The greatest to ever enter a boxing ring has left us. Muhammad Ali died yesterday at the age of 74, and the world is a little sadder place because of it. For decades, he graced us with his amazingly huge presence. He entertained us not only with his talent but also with his style and his words. There very well may never be another like him.
You don’t have to be a Muhammad Ali fanatic to appreciate his life or mourn his death. This man was nothing short of dynamic. Two of the greatest things I personally take away from his time on this earth are his uncanny ability to pump himself up and his unapologetic allegiance to the civil rights movement.
Ali taught us how to love ourselves. If you don’t think you’re the best, it doesn’t matter if others do because greatness starts in your mind. You have to put yourself so high on a pedestal that nothing can knock you off of it. His reputation preceded him and in truth, many times he defeated his opponents before they even entered the ring because he got into their heads. He never let anyone tear him down. Let us all take a cue from that. If you are having a bad day or aren’t too sure about your life, do a Google search and inspire yourself with his quotes and videos. The man was untouchable. He was infallible. He was one of a kind.
“I hated every minute of training, but I said, ‘Don’t quit. Suffer now and live the rest of your life as a champion.”
A champion he was. Muhammad Ali had guts. He didn’t cower from a challenge, and that’s another lesson we should remember. Ali was everything not because he said it, but because he worked at it. His psychological pep talks, no doubt, gave him the mental fortitude to become exactly what he said he already was- great.
Then there is Ali’s fight for civil rights. He was unwavering in his uplifting of black people. More than that, he was unapologetic about it. I love how he didn’t hold his tongue. His was so confident and matter a fact about it that the white people who challenged his stance had to reconsider their outlook. There were many times in life where he “told it like it is,” but this quote by him has to be my favorite. It’s so poignant and full of truth.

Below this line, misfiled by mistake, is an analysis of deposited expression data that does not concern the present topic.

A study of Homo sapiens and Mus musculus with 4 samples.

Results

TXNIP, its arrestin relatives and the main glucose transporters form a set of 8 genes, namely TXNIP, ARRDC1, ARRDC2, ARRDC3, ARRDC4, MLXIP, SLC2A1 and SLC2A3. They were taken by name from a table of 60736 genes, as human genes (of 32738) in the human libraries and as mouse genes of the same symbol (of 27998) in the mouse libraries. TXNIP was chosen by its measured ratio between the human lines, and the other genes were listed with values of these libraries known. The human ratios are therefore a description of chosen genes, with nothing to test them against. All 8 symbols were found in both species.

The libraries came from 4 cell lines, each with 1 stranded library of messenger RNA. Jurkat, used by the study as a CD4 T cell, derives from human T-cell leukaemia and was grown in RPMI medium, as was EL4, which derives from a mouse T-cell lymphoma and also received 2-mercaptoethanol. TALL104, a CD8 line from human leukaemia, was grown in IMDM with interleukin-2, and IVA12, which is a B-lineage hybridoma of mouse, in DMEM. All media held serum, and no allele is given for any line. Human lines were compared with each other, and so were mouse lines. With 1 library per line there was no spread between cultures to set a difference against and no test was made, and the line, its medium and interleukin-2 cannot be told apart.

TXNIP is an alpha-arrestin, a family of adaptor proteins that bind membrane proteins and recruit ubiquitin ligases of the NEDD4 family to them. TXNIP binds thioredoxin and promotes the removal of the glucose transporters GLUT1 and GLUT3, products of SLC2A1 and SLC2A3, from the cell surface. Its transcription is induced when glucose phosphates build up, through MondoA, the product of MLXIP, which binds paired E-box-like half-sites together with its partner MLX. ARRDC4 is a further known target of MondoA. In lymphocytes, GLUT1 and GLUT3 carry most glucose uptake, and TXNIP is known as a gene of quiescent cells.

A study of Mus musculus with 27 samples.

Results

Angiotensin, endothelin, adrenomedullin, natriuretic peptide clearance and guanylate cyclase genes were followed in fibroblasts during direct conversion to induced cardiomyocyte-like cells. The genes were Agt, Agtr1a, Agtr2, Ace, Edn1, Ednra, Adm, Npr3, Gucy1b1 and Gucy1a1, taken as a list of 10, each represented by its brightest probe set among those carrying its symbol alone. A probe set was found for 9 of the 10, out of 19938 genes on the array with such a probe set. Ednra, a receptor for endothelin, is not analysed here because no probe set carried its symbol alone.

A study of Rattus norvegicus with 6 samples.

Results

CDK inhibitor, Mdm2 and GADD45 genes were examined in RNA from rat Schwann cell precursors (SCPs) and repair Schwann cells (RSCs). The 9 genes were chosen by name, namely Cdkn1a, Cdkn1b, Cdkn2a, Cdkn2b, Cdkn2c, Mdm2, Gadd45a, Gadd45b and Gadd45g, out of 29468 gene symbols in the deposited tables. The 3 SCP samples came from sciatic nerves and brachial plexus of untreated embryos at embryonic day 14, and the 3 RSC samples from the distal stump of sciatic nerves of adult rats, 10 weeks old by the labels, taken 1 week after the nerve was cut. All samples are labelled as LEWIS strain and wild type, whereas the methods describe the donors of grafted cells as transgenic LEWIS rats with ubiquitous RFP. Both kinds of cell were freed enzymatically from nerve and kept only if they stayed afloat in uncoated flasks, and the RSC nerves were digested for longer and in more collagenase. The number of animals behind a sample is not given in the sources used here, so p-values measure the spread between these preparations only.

“I ain’t draft dodging. I ain’t burning no flag. I ain’t running to Canada. I’m staying right here. You want to send me to jail? Fine, you go right ahead. I’ve been in jail for 400 years. I could be there for 4 or 5 more, but I ain’t going no 10,000 miles to help murder and kill other poor people. If I want to die, I’ll die right here, right now, fightin’ you, if I want to die. You, my enemy, not no Chinese, no Vietcong, no Japanese. You my opposer when I want freedom. You my opposer when I want justice. You my opposer when I want equality. Want me to go somewhere and fight for you? You won’t even stand up for me right here in America, for my rights and my religious beliefs. You won’t even stand up for my right here at home.”
He was a fierce social justice warrior, a lover of people and a defender of those who could not stand up for themselves. He was one of the spearheads amongst black athletes who used their influence to bring awareness and change to the plight of black Americans.
Muhammad Ali is one of the important teachers in life. When you read his words or watch his fights, it puts you into a trance; that man was skilled and at the top of his game. We were lucky enough to share in his passion and genius for 74 years, and I wish to God we could share in his greatness just a little bit longer.
His life is a moving example of excellence, dedication, and unrelenting effort. If there is anyone dead or living by which one seeks to model their success blueprint after, Muhammad Ali isn’t a bad choice. A loyal Muslim (faith), a powerhouse boxer (career), a dedicated father (family) a supporter of minorities on a global scale (humanitarian), his light lit the way to the path of altruism.
RIP to the #GOAT. RIP to the legend.